The eponymous heroes of 9 Lives: Casey and Sphynx aren't your typical video game double act. Casey is a tubby museum security guard with a fondness for milkshakes and a lumbering gait, while Sphynx is a 4,000-year-old cat.

But fate (or narrative contrivance) forces this unlikely pair together when Casey upends an ancient Egyptian idol.

True to convention, a powerful curse is unleashed, and some old world Freaky-Friday style voodoo ensues. The upshot is that Casey is gifted with Sphynx's nine lives - a handy boon given that undead mummies are roaming the museum's halls - but he's also turning into a cat.

This supernatural setup forms the narrative justification for 9 Lives's odd couple puzzle-platforming campaign, which plays for laughs from the outset.

Unfortunately, and despite the fact that developer Hungry Moose Games is composed of Bioware veterans, it's immediately clear that the writing isn't strong enough to support 9 Lives's comedic storytelling ambitions.

A sample line of early cutscene dialogue: "Right behind you Sphynx. I hope we win." You can practically feel scriptwriting students around the world wincing.

Riddled

Unfortunately, a wooden script isn't the only issue affecting 9 Lives - its art style is equally off-putting. What's more, a combination of jerky animation and wonky collision detection conspires to ensure that 9 Lives looks faintly amateurish in motion.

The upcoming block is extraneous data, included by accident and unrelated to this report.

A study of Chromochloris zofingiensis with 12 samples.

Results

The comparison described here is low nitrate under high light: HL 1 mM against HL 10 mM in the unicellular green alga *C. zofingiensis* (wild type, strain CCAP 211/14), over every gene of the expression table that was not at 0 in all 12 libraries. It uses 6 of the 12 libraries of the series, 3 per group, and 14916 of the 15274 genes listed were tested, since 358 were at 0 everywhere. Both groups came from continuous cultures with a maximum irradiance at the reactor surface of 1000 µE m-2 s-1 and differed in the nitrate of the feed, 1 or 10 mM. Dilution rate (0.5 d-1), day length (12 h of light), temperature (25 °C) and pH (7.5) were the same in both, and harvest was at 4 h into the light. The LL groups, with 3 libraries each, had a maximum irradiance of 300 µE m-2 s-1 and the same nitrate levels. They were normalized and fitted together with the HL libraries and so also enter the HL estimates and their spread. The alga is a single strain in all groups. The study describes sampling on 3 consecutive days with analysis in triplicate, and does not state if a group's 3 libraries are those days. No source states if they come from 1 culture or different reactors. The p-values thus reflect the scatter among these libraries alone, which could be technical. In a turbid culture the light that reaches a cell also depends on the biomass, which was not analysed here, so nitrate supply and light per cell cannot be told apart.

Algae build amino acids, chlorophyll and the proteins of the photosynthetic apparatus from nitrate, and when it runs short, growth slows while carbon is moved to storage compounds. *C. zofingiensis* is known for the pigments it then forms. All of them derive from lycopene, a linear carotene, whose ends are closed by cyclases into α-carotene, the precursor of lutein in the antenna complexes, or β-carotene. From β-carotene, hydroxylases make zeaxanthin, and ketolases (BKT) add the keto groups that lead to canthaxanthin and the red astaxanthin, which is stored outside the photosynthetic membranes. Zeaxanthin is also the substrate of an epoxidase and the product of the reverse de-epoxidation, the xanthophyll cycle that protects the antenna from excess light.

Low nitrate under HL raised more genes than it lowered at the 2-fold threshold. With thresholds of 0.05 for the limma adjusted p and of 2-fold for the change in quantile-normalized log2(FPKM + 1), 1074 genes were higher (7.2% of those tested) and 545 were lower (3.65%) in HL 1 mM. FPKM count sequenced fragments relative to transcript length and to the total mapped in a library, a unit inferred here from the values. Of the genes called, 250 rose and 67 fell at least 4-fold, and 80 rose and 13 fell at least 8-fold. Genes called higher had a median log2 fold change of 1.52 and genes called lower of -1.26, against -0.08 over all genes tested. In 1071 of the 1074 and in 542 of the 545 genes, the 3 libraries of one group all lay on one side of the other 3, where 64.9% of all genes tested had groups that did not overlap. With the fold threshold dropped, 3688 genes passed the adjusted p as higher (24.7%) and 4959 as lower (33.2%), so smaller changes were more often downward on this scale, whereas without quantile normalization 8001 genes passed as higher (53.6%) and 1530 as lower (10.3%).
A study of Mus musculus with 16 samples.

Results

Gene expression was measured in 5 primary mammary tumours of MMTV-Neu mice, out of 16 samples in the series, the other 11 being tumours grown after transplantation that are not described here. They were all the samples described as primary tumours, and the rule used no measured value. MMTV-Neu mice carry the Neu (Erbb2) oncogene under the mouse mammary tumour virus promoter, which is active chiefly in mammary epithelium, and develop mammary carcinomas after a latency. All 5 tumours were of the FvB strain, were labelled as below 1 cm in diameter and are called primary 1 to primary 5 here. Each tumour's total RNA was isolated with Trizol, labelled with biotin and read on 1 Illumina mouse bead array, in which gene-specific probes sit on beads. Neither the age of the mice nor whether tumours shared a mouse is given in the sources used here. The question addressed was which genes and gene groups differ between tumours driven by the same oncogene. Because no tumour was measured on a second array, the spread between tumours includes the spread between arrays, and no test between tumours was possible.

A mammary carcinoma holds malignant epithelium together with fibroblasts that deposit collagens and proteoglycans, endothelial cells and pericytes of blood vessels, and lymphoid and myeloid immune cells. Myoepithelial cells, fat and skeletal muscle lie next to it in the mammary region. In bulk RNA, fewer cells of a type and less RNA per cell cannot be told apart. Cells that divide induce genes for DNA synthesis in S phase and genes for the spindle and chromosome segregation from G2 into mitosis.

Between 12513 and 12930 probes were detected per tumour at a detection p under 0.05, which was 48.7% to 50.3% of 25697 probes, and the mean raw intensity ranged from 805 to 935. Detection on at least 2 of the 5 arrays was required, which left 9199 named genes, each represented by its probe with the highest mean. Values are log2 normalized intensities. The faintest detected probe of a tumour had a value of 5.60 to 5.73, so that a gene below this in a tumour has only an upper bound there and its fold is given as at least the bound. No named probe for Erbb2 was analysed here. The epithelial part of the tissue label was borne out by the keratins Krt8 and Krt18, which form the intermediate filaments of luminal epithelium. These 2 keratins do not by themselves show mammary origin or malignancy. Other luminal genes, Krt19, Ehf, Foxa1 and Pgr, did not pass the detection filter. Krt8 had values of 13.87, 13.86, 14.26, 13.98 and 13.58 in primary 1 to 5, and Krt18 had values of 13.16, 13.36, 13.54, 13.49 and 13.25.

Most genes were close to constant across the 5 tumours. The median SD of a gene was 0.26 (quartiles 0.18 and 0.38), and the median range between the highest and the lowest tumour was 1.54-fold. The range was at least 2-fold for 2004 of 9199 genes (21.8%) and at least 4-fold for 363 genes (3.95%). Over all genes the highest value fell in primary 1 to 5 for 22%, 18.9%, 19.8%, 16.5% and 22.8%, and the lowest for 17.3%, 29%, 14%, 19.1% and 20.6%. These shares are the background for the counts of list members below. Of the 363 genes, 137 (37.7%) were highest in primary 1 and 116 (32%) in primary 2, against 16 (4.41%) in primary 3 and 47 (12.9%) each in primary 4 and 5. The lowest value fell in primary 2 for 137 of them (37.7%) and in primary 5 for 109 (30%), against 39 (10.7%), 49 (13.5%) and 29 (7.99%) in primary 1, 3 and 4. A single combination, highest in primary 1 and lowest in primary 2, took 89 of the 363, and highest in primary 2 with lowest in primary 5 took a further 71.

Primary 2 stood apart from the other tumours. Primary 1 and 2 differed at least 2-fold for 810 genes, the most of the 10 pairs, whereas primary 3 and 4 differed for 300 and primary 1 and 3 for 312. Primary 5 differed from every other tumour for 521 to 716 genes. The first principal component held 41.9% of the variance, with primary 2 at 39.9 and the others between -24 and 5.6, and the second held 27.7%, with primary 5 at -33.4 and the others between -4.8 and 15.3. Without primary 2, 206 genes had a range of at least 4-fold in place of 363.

The on-screen controls are also a problem. Whether you're controlling Casey or Sphynx - and you'll switch between both in the course of every level - the action is floaty and button-presses feel unresponsive.

Even opening your character's inventory - which is required in order to access hidden rooms filled with gleaming gems - can present a challenge. Tapping your avatar should do the trick, but sometimes the command simply won't register, or the overlaid virtual buttons will obscure the section of screen you're attempting to prod.

Finding yourself stood impotently in front of a room full of treasures, knowing that you possess the relevant item but still can't open the door, is a needlessly frustrating experience.

It takes two

The failings of 9 Lives belie a handful of game design victories, though. By allowing you to switch between both characters, Hungry Moose Games sets the stage for a couple of ingenious puzzle rooms.

They're the kind that will have you stumped at first, but basking in smug satisfaction once you've hit upon the solution - in other words, they strike a pleasing balance between difficulty and achievability.

These moments are the exception, though, and the character-switching mechanic makes them possible more often feels like a bit of a chore.

And despite making it into the game's title, Casey's nine lives barely affect the gameplay at all.

In theory, this feline resilience enables you to kill off Casey at will, leaving his body in a strategic location to aid you on your next attempt.

In practice, though, it's an underused mechanic, and after an early puzzle in which you make a bridge of Casey-corpses in order to cross a spiky cavern this promising gimmick is barely developed any further.

9 Lives is greater than the sum of its inadequate parts, and it's elevated slightly by the flashes of design savvy that shine through its underwhelming exterior every now and then.

But, sadly for this double-act, these flashes don't come close to excusing the game's many shortcomings.